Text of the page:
1,100 landlords have been surveyed for their opinions on the government White Paper “A Fairer Private Rented Sector” (PRS), with some expected but some surprising results.

The survey has been conducted by Total Landlord Insurance, part of the Hamilton Fraser Group.

Key points covered by the White Paper and landlord reaction

The white paper outlined the following government intentions for the PRS:

  1. Halve the number of non-decent rented homes by 2030 and require privately rented homes to meet a legally binding Decent Homes Standard (DHS)
  2. Accelerate adoption of the DHS in areas that need it most
  3. Abolish Section 21 ‘no fault’ evictions

60% of landlords surveyed are against the removal of Section 21 evictions. The intention of the government to make this change has been known for several years now, so whilst its inclusion in the White Paper was expected, landlord opposition to it remains strong.

  1. Reform grounds for possession so landlords have effective ways of regaining possession of their property where necessary
  2. Restrict rent increases to once per year. End rent review clauses. Improve tenant’s ability to challenge excessive rent increases.

Two thirds of landlords supported giving tenants the ability to end rent review clauses and challenge excessive rent increases.

  1. Strengthen tenant’s ability to hold landlords to account. Require landlords to join a new Ombudsman

A surprise of the survey came in the 89% of landlords who supported plans for a new Ombudsman to handle disputes.

  1. Work with the Ministry of Justice and Her Majesty’s Courts and Tribunal Service to target unacceptable delays in court proceedings
  2. Introduce a new Property Portal so that tenants, landlords and local councils have the information they need.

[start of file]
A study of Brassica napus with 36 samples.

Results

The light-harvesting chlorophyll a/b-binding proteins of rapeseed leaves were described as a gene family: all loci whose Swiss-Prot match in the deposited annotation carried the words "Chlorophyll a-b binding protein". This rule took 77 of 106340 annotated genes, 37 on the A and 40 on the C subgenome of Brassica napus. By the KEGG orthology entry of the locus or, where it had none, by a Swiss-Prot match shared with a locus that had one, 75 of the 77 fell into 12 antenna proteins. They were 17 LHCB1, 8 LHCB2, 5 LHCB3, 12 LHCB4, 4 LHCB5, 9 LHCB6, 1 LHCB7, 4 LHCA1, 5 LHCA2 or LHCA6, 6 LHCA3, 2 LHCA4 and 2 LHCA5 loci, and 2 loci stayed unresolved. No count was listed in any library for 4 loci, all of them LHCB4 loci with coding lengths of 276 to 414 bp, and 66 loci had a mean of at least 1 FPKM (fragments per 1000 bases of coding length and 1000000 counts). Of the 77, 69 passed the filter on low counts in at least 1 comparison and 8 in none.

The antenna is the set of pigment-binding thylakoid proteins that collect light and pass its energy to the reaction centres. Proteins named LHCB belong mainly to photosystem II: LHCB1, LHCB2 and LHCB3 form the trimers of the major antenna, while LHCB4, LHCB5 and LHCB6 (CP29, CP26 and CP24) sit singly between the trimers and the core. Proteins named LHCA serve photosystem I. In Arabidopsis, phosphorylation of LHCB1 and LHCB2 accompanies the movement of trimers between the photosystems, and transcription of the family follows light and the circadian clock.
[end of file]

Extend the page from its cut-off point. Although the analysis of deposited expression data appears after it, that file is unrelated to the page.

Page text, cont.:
3. Strengthen local councils’ enforcement powers and ability to crack down on criminal landlords.
  4. Make blanket bans on renting to families with children, or renting to those receiving benefits illegal

58% of landlords objected to being forced to accept tenants in these groups.

  1. Increase the rights of tenants to have pets in their property

57% of landlords are opposed to being forced to allow pets in their rental properties.

Given a recent survey, conducted by The Lettings Hub, found that over three in four landlords had to repair property damage caused by pets, but over half had been unable to recoup the cost, resistance to this change is understandable.

Whilst the White Paper claims it “will make it easier for landlords to accept pets by amending the Tenant Fees Act 2019 to include pet insurance as a permitted payment” the survey demonstrated that landlords are sceptical of how this can be successfully imposed.

  1. Monitor the development of market-led solutions to passport deposits to reduce barriers to tenants moving.

Commenting on the results of the survey, chief executive officer of Hamilton Fraser Group, Eddie Hooker said:

“We’ve waited with bated breath for three years to hear the detail of the Government’s proposed rental market reforms and while it’s fair to say that their latest plans are rather tenant focussed, any attempts to improve the sector are extremely welcome and should improve standards for all stakeholders regardless of what side of the tenancy agreement they stand on,

“Despite this, our latest gauge on landlord sentiment shows that the vast majority are in favour of greater tenant protection and a fairer, more level playing field across the rental sector.

“This has always been the case and while there are bad apples in every batch, the view that all landlords are money hungry tyrants who forsake tenant welfare to increase their rental yield simply isn’t the case.”